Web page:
Gehry’s Memorial in More Jeopardy, A New Santiago Calatrava Fight, and More Architecture News

It’s the week before what, for many people, will mean either a full week off, or just a time when all their companies will require them to be is mildly-conscious and sitting at their desks (if that), but surprisingly, there’s still a bunch going on. Let’s dig in.

As is tradition this time of year, critics have begun filing their top lists of best and worsts. Here in Chicago, the Tribune Blair Kamin has filed his worst list, which we enjoyed maybe more than his best. WBEZ‘s Lee Bey, has filed his as well. Meanwhile, over at The Irish Times, the paper reminds us that the connection between architecture and Chicago didn’t end with developer Garrett Kelleher‘s Chicago Spire debacle. Instead, there’s a long tradition of the Irish in the city (also it would help to ignore that incident with Mrs. O’Leary burning down the first Chicago).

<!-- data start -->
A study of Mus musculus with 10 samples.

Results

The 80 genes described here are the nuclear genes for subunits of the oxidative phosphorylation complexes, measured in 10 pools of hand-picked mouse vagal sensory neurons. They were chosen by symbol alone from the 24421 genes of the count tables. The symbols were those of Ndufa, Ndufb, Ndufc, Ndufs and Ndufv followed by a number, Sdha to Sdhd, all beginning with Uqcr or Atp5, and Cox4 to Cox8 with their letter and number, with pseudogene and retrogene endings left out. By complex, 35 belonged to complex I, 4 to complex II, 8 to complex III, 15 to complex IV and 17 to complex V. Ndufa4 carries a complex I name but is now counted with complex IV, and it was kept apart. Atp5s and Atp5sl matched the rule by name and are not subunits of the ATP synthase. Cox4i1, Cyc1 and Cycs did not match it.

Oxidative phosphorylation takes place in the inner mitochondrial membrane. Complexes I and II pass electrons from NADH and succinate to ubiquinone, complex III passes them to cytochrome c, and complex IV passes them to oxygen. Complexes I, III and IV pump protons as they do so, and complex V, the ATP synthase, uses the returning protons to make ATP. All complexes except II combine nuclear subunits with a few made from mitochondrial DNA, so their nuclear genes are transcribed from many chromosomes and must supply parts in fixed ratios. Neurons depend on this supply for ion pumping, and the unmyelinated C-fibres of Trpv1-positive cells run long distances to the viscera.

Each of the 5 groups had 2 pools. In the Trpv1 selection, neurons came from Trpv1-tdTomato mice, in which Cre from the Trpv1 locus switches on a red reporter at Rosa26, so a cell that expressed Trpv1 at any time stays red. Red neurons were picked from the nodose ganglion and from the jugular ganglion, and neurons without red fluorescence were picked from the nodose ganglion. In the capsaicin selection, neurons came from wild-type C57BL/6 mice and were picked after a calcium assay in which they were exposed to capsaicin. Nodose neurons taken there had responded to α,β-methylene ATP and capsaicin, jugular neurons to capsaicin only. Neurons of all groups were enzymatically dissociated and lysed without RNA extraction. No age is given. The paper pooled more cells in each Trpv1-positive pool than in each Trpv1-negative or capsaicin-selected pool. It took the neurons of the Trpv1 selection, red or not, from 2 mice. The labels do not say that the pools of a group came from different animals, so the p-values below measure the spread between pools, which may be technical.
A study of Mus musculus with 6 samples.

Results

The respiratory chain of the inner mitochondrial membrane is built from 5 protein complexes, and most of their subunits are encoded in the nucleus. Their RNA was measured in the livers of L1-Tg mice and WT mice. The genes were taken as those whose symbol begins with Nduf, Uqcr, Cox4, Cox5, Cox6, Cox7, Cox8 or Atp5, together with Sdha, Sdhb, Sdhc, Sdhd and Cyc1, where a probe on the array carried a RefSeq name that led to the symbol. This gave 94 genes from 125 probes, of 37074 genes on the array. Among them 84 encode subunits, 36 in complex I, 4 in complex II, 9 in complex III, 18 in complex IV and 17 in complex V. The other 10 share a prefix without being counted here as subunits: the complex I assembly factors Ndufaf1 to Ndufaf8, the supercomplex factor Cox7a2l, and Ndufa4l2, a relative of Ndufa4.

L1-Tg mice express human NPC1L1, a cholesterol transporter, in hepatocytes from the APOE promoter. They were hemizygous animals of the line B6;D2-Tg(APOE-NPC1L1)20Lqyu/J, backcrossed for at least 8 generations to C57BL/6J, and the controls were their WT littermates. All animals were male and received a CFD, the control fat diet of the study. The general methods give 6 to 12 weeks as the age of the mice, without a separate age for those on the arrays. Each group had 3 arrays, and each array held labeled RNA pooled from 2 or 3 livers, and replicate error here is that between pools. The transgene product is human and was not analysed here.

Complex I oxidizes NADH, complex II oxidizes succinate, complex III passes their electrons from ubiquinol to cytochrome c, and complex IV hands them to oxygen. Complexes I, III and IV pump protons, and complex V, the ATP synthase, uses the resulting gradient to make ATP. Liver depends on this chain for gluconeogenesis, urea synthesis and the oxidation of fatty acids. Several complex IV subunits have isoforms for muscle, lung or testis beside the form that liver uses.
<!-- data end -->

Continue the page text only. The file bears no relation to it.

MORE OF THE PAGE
Speaking of the Chicago Spire: fresh off the architect of that failed project’s recent unpleasantness with the Denver Airport redesign project, Santiago Calatrava has found himself a part of a new fight. After a board member blasted the architect at a meeting for the State University System of Florida Board of Governors for both the architect’s tendencies to run over budget, as well as for being Spanish (“Why do we need someone from Spain, when we need jobs right here in America?”), concerning a new building project he is working on at USF Polytechnic, Calatrava and his wife and business partner shot back. Thus far, we are still at a stand-still between the opposing sides.

To the far west of Chicago, and even further from Florida, Christopher Hawthorne has also filed his best/worst list for Los Angeles.

And finally, it looks as though Frank Gehry might soon be having to wait on that groundbreaking ceremony next year for his Eisenhower Memorial in Washington DC. The Eisenhower family, who have raised their voices about Gehry’s designs somewhat quietly up to now, have now become more publicly vocal, speaking out directly against what the famous architect has planned for it, despite the two parties apparent personal get togethers and talks since the last concerns were raised.